The online shopping site, which is one of the most successful in the east Africa region, noted that although it had implemented various measures to detect and reduce the occurrence of fraudulent activities on its platform, there can be no assurance that such measures will be effective in combating fraudulent transactions or improving overall satisfaction among sellers, consumers and other participants.

It argues that additional measures that we take to address fraud could also negatively affect the attractiveness of our platform to sellers or consumers, putting it at a loss.  

“For example, we may receive complaints from consumers who may not have received goods that they had purchased, or complaints from sellers who have not received payment for the goods ordered,” Jumia notes. 

This activity may harm other sellers by enabling the perpetrating seller to be favoured over legitimate sellers and may harm consumers by deceiving them into believing that a seller is more reliable or trusted than the seller actually is.


The firm says it operates with limited inventory risk given that most of the goods it sells belongs to third-party sellers, meaning the cost of inventory remains with the seller.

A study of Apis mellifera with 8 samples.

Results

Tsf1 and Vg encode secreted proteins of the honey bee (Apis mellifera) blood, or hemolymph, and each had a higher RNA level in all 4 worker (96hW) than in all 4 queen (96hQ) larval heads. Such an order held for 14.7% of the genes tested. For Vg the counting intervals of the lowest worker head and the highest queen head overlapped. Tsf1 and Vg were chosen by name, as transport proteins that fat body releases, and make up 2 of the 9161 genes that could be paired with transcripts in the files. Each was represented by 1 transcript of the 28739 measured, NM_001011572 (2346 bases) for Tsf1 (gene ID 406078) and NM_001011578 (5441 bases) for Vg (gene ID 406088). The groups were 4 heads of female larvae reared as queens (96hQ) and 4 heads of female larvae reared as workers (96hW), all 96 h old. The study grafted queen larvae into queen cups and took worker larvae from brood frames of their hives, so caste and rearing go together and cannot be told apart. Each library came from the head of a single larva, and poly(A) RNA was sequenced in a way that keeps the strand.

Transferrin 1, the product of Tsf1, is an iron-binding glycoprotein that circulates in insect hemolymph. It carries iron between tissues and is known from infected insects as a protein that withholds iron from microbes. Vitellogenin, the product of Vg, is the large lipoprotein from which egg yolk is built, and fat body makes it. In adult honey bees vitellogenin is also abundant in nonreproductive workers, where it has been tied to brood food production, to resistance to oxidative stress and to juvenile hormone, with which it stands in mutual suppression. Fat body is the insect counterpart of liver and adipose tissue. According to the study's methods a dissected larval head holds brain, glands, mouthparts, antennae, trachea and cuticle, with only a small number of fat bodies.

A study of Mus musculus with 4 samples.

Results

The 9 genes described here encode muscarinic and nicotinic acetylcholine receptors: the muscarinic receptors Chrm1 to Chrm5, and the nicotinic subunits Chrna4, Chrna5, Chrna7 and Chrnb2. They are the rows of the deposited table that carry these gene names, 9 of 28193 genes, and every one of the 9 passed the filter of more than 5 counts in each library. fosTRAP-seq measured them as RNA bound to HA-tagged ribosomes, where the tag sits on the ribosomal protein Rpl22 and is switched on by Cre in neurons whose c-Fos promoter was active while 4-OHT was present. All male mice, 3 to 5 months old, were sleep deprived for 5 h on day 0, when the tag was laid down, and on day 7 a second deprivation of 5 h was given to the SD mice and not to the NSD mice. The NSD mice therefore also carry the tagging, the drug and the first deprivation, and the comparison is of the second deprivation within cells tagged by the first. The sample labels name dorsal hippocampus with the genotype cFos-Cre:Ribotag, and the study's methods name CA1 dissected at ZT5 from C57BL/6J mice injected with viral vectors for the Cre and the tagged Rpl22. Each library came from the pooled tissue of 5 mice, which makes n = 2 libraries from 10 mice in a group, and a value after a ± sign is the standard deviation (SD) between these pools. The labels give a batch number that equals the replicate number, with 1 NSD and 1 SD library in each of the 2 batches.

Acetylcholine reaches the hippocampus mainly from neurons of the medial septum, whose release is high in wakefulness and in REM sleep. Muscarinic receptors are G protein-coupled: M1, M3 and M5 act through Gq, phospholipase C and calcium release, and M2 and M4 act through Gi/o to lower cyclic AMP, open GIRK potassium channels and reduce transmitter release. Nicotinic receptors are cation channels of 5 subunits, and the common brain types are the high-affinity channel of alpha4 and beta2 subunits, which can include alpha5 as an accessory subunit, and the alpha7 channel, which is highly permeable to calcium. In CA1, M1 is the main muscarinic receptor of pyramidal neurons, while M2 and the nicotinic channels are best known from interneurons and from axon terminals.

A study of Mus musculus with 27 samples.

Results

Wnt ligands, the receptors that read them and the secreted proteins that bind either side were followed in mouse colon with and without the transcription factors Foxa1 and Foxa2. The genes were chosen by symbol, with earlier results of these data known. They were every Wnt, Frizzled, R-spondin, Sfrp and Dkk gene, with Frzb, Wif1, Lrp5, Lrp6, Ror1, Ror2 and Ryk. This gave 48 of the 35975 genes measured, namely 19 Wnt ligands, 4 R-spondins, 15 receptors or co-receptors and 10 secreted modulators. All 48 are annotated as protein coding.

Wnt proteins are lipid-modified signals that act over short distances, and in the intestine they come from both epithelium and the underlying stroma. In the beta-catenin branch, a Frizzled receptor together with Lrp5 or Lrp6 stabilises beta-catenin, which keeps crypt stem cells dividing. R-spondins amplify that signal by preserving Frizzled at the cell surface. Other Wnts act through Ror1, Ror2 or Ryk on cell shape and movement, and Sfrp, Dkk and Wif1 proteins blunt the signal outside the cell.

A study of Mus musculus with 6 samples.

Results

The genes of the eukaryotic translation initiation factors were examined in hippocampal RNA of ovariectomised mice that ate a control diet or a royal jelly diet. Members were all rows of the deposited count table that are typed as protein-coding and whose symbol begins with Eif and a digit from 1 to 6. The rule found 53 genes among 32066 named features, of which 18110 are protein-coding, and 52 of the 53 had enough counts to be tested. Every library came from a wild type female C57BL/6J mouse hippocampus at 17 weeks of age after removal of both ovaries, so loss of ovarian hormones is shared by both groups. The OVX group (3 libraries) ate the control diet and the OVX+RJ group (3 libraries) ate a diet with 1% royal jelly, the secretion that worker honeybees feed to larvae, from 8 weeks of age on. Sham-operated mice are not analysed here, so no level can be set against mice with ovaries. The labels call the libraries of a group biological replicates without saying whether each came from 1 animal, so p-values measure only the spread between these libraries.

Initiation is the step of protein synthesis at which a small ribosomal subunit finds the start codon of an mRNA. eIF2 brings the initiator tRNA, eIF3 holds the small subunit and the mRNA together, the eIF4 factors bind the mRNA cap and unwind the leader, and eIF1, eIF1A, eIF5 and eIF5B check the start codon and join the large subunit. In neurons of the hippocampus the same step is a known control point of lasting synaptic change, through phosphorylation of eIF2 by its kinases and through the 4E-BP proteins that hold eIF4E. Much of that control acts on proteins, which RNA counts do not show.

“In 2018, approximately 90 per cent of the items sold on its marketplace were offered by third-party sellers. 

The firm tells investors in the prospectus that its business has grown significantly over the years. By the end of last year, the firm had four million active consumers, up from 2.7 million at the same time in 2017.

But despite the growing in numbers, the firm is still in the red.

It says its consolidated operating loss increased from about Sh17 billion in 2017 to Sh19 billion in 2018.  

The firm says illegal, fraudulent or collusive activities by employees could have a material adverse effect on its business.

“While we have not experienced any material events of this nature in the past, we have identified allegations of employee misconduct, which led us to improve our internal controls and our cash reconciliation system,” the firm said.